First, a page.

Scotland the brave debates architectural policy
The prospect of the architectural profession and politicians coming together to device a 'Policy for Architecture' is one which invites a nervous response in a country which, a mere 30 years ago, was taking prescriptive policy- led architecture to its heart with disastrous results. But think tank Manifesto's conference, held last week in Edinburgh's new Dynamic Earth Centre, offered a snapshot of the profession's sense of its own potential in the age of devolution.
Scotland's deputy minister for Culture and Sport, Rhona Brankin, outlined her intention to develop the country's first ever national policy for architecture as part of a national culture strategy. A useful corrective from Dutch and Danish contributors came in the form of detailed descriptions of their respective state policies - Scotland may have left the brutalist sixties behind, but it has yet to catch up with the advanced practices of its comparable neighbours in Northern Europe.
This was a conference which brought to light weaknesses, as well as strengths. There were misgivings expressed about the lack of a coherent planning strategy for central Edinburgh during a development boom. The council's decision to effect a demonstrably unequal union between its economic-development and planning departments seems curiously at odds with the city's designation as a unesco World Heritage Site. Its activities as a developer have raised hackles among some who believe this role could compromise its stewardship of the planning process. The fact that the council-owned development company, edi, was one of the conference sponsors, didn't staunch fierce criticism of its proposals to build an underground shopping mall below Princes Street.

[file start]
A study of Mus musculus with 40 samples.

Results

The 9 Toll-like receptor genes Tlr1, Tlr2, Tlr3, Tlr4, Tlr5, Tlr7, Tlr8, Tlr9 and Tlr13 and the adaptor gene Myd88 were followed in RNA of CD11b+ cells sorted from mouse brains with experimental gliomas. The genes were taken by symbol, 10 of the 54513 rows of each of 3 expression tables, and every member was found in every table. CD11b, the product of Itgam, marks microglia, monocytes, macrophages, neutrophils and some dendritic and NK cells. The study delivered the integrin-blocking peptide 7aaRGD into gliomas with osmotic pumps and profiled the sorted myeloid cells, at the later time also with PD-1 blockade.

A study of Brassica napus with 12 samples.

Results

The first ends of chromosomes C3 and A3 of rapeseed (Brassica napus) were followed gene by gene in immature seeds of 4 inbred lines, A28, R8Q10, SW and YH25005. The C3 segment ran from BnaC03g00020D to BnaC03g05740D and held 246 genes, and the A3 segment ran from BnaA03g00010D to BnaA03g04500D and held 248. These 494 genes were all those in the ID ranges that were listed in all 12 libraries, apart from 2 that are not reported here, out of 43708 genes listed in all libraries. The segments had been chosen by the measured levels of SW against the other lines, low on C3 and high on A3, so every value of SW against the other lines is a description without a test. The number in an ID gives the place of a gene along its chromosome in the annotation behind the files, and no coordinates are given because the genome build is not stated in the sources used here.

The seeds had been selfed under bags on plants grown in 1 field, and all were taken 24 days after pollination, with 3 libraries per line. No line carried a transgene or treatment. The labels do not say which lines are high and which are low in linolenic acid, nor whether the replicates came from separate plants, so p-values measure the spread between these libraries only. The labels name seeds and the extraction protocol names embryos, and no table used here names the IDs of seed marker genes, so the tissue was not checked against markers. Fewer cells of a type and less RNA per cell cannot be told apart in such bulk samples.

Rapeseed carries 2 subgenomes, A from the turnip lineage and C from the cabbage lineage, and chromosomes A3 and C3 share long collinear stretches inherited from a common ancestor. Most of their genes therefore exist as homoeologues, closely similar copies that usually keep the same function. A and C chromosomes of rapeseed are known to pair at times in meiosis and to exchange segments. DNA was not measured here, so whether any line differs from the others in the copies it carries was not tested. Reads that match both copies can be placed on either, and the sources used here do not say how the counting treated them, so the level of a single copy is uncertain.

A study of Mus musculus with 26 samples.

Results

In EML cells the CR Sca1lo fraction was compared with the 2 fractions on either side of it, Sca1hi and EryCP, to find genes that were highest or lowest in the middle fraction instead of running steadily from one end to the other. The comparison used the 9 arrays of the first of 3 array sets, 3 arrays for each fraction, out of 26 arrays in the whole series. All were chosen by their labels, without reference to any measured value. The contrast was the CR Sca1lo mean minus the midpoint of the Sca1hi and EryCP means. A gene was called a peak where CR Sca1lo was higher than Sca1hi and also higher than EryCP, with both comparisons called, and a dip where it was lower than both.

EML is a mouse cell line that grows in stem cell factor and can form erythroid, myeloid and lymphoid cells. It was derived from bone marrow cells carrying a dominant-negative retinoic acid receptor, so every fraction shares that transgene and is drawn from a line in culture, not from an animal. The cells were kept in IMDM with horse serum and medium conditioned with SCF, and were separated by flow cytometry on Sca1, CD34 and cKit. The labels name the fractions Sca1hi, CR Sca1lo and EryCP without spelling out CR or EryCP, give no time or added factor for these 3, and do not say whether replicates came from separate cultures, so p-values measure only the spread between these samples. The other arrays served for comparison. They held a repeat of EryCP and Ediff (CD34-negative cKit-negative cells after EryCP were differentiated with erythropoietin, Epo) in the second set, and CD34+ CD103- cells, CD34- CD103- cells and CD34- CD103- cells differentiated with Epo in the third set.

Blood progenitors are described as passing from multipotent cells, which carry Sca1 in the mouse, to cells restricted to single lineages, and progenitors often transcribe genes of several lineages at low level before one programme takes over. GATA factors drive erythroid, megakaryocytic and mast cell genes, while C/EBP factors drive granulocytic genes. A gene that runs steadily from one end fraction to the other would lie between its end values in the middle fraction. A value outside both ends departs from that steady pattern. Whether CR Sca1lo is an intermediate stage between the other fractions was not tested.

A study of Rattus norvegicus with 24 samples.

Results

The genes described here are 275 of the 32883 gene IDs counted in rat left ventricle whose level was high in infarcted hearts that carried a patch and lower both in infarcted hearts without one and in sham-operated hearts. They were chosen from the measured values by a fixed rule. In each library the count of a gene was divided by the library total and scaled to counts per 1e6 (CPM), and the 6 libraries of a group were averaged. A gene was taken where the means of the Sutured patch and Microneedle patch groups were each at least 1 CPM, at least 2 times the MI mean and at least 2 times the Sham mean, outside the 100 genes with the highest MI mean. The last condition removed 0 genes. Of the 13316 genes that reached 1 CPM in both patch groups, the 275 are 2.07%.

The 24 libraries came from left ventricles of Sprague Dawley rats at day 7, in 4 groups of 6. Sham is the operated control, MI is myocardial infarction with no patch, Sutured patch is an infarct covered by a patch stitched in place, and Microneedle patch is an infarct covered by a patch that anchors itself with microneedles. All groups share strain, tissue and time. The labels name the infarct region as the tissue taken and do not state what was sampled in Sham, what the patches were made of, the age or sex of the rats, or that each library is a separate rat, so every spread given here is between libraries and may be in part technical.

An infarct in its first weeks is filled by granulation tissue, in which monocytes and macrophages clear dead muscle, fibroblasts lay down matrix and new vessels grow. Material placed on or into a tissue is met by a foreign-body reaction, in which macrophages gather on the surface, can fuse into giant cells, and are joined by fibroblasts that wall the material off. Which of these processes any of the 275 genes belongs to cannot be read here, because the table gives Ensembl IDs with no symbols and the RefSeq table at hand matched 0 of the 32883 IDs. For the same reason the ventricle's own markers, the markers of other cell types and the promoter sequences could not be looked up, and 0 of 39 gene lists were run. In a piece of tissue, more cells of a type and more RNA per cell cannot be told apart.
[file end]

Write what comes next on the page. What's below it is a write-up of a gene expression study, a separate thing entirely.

The prevailing mood among Scottish architects has rarely been more positive, and if the good intentions don't altogether live up to the bullish initial promise it won't be because of any lack of confidence or sense of purpose. The Manifesto conference revealed a welcome trend - the old habit of drawing invidious comparisons with the south of England was refreshingly absent. There were no mentions of Lord Rogers and urban regeneration, and no glib references to the challenge of the millennium. The focus was on what Scotland should be doing for itself in the long term, and the lessons which could be learned from other small and medium sized European countries. If this can be sustained as a general credo, Scottish architecture should have a healthy future.